By Richard Lee
For the Fort Bend Star
The yearly trip to the mechanic for a vehicle safety inspection would go away under a bill approved by the Senate on Thursday.
“Let me be abundantly clear, vehicle inspections do not make our roads safer,” said Dallas Senator Don Huffines. “The chore is a waste of time for Texas drivers, and it’ s a waste of their money.”
His bill, SB 1588, would end the requirement for annual safety inspections in Texas. Huffines cited studies showing that vehicle safety inspections don’ t actually reduce accidents, injuries and road fatalities. Texas is one of only 15 states that still require annual safety inspections, and Huffines said that drivers spend $130 million each year on inspections.
“Texas is one of the last states to recognize the uselessness of mandatory vehicle inspections,” he said. “The data is conclusive these inspections have no discernable safety benefit to Texas drivers.”
Currently, the annual safety inspection costs a driver $14.50 every year, split between a $7 charge paid to the station at the time of inspection and another $7.50 added onto vehicle registration. Huffines’ bill would replace that with a safety fee added on to registrations: $9.75 for currently unregistered or new cars, $20 for commercial vehicles, and $5.50 for registration renewals. That money will go to pay for road safety improvements like guardrails and streetlights. The bill leaves intact current emissions testing standards, so drivers will still have to have that annual check to ensure their car meets state and federal emissions standards.
Bail bond reform
The Senate also approved on Thursday a bill aimed at bail bond reform. Senator John Whitmire of Houston offered a bill, SB 1338, that would require that a risk assessment is performed before bail is set for a defendant, to determine how much of a risk to flee or danger to the community he or she is. This assessment would be conducted by the judge’ s staff at no cost to the defendant, and must be completed within 24 hours for misdemeanor cases and 48 hours for felonies. Judges would be required to consider the results of an assessment, but still leaves them their full discretion to set a bail amount.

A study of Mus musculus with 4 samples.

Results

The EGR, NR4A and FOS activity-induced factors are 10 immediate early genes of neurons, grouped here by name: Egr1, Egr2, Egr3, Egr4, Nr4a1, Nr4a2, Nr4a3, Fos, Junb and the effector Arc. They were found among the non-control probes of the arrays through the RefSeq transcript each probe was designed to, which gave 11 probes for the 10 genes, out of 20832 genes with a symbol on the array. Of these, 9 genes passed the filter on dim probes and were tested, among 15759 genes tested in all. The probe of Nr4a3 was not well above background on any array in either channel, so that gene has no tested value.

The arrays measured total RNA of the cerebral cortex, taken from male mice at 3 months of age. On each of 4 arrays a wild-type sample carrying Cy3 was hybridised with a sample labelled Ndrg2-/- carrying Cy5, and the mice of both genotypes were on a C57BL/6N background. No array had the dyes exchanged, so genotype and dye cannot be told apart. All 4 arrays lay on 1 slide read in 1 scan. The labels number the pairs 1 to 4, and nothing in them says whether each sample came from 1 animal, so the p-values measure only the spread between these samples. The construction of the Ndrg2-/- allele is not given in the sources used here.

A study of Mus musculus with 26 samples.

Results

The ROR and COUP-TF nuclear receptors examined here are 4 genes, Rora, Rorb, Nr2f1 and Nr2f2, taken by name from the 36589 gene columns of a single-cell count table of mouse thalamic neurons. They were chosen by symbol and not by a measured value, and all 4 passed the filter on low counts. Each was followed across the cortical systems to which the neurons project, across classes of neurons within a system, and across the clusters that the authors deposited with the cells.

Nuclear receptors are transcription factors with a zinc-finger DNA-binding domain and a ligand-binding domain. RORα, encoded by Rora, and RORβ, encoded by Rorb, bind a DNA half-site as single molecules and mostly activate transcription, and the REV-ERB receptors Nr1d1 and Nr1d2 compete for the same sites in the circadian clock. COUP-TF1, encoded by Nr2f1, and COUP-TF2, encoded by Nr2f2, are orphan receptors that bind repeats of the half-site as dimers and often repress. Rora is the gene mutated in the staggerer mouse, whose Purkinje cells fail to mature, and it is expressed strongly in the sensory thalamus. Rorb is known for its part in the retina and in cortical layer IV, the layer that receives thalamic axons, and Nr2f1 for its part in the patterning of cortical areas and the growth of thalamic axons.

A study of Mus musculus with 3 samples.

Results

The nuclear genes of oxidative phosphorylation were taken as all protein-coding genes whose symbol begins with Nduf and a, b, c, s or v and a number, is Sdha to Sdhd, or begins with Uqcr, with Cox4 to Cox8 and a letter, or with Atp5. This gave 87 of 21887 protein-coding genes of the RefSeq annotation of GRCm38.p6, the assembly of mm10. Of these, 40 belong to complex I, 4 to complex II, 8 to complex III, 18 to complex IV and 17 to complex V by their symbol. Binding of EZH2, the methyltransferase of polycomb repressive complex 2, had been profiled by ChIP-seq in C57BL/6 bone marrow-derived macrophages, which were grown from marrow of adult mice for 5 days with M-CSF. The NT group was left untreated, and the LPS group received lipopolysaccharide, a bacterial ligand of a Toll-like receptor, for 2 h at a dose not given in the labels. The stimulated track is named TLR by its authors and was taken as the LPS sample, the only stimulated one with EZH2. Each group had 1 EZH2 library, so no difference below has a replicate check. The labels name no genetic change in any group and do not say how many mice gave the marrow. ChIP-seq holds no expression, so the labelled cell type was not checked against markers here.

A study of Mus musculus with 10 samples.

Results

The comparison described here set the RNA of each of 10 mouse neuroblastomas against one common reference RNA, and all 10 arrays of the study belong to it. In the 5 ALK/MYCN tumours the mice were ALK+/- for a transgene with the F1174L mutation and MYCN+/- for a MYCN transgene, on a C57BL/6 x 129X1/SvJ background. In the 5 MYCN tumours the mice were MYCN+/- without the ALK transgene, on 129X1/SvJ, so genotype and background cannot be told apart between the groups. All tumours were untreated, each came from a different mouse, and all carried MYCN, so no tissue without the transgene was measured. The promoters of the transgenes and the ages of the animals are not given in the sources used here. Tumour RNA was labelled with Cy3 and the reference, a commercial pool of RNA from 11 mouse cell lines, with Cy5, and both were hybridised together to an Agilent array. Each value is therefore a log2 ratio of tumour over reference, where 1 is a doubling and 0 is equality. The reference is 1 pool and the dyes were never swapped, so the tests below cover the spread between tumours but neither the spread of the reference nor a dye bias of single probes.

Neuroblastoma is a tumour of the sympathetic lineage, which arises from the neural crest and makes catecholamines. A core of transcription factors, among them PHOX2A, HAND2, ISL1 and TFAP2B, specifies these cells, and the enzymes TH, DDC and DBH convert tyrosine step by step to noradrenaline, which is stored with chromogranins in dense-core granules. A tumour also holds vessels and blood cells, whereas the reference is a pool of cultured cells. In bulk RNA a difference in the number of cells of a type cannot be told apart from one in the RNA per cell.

Bail reform was one of the issues identified in Texas Supreme Court Chief Justice Nathan Hecht’s biannual State of the Judiciary report in February. Too often, he said, non-violent offenders languish in jail because of unreasonably high bail amounts. He called on the Legislature to implement risk assessments statewide.
“Courts in five counties use readily available risk assessment tools to determine that the overwhelming majority of people charged with non-violent crimes can be released on their personal recognizance without danger to the public or risk of flight and at less cost to the taxpayers,” said Hecht. “The Judicial Council recommends that this be standard practice throughout the state. Liberty, and common sense, demand reform.”
Both Huffines’ SB 1588 and Whitmire’s SB 1338 now head to the House for consideration.